The coming year will “not only be a year of change but a year of adaptability” with product transfers and green mortgages key areas of opportunity.

Speaking at The Mortgage Administrator Online Event, Charles Morley (pictured), distribution director at Metro Bank, said that 2023 would be a “tougher market”, noting that UK Finance and IMLA gross mortgage lending forecasts for the year of £265bn to £275bn now looked “relatively over optimistic” as interest rate rises and the cost of living impact the market.

Morley continued that expectations for gross mortgage lending for this year were around the £230bn mark but this was not far off 2018 and 2019 levels.

“I think customers are going to need professional mortgage advice more than ever and also it is not all doom and gloom. Neither the UK mortgage market nor the housing market have collapsed and nearly every single lender remains within the UK mortgage market and wants to lend,” he added.

 

Product transfers ‘great opportunity’ for brokers

Morley said that product transfers were a “great opportunity” for brokers, adding that there would be “key spikes” of mortgage maturities over the months of June, July and August.

“This is an area where traditionally less than 50 per cent of business flow has been generated through the broker market but I think in 2023, we’re starting to see a significant sea change and greater activity across the intermediary sector,” he noted.

Morley continued that figures showed that mortgage maturities were going to rise by around six per cent in 2023 to £347bn, which he said was their “highest level”.

He added that UK Finance expected product transfers to reach around £212bn, but “early suggestions” imply that the figure could go as high as £220bn.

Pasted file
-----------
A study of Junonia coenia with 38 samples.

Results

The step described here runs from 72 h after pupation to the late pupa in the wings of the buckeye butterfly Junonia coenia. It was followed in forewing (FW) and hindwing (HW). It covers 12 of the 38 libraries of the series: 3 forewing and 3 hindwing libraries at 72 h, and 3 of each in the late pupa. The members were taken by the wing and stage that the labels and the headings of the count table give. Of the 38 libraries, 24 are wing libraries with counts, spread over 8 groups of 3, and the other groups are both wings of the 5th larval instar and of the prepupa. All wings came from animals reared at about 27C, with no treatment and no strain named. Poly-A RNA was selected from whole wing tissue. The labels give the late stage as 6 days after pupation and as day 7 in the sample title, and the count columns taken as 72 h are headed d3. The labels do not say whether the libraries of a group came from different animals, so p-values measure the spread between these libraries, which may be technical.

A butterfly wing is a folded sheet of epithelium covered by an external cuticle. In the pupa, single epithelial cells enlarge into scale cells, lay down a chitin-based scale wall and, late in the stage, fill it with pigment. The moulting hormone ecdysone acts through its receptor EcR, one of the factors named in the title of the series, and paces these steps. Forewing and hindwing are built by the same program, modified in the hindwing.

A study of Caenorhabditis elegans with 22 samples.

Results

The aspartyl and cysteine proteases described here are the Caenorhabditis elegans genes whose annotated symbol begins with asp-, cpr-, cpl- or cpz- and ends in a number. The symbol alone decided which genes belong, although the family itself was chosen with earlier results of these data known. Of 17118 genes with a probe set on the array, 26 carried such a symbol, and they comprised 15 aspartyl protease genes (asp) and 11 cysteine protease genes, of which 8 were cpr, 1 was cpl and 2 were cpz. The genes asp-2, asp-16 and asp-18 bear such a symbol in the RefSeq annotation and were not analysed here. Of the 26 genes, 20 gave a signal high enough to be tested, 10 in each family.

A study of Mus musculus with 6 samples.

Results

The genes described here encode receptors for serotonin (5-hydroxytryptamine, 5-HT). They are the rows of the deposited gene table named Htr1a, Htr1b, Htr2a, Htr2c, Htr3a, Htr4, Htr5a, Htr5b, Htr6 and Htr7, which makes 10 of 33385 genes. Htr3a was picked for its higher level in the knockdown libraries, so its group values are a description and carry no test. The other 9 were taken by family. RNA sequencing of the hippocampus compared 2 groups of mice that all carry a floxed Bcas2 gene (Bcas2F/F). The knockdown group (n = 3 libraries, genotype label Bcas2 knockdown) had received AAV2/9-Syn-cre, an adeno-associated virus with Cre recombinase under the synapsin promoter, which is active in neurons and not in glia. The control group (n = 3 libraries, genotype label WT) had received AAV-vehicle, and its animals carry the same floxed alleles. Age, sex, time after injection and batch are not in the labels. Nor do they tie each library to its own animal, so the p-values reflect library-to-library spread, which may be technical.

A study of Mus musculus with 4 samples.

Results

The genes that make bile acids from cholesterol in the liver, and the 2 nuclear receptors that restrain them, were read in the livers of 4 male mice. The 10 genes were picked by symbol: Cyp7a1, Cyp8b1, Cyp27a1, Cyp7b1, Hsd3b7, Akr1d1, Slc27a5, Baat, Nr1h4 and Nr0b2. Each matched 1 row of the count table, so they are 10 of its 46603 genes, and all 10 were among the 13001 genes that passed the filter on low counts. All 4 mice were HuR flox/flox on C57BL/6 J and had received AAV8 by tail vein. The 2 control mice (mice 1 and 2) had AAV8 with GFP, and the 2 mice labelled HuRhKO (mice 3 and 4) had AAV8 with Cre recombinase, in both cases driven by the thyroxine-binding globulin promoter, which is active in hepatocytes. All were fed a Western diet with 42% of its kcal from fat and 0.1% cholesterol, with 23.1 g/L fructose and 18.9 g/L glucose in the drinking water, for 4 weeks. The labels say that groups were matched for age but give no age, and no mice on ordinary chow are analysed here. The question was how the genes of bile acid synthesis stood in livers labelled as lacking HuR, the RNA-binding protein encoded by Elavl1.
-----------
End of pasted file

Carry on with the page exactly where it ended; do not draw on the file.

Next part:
‘Key areas of growth” green agenda and technology

Morley continued that the “green” area of market will “develop at pace, not just because of EPC legislation but because of changing mindsets of the UK population”.

“I get a little bit frustrated about the market at the moment where we’ve got green products claiming to be green that offer a cheaper rate for an EPC A or B rating. I’m not sure they’re achieving a great deal apart from giving a cheaper rate to a new-build property,” he said.

He continued that there needed to be better education so people were aware of the EPC rating of their properties but also how to improve it.

“I think lenders, brokers and consumers have got to work together to actually drive meaningful and sustainable change across the marketplace because currently, green mortgages are far too niche and the climate crisis is not a niche story,” he added.

Morley continued that green mortgages needed to be brought into the mainstream and this would centre around price and relevant products.

“I think you will see more product development, I think, with EPC legislation around the corner, you will see a lot more than we currently have got.

“I think it will become a key product, the key choice. I think as soon as it starts to affect value of asset I think automatically it will then fire it straight into the mainstream of the market,” he explained.

 

Technology needs to ‘cater for absolutely everybody’

Morley said that this was the “first time in a long time that our industry is finally looking forward and not backwards or sideways when it comes to technology

He pointed to the pandemic popularising and normalising systems like Zoom and Teams, becoming a key part of business communication post-pandemic.

“[Technology] is going to continue to advance and I’d say to all of you is: don’t fear it, don’t resist it, embrace it because ultimately what it’s going to do is drive efficiency.

“It’s going to eradicate issues like rekeying and fundamentally it’s going to drive the process for the customer, consumer and mortgage broker,” Morley noted.

He said that he didn’t think it would be “big ticket change” but “small gradual change” that will “move the market forward”.

“I think successful firms are going to be those that combine technology with the best of their human skills and build the ultimate customer journey,” Morley added.

However, he said that technology had to “get to a point where it caters for absolutely everybody” rather than solely the digitally savvy.

“It needs to cater for somebody who finds technology tough, so therefore needs to be taken through the process all the way as well as people who are incredibly tech savvy, that can upload and do things incredibly quickly,” he explained.

Overall, he said what technology would do is “give much more certainty” around decisions.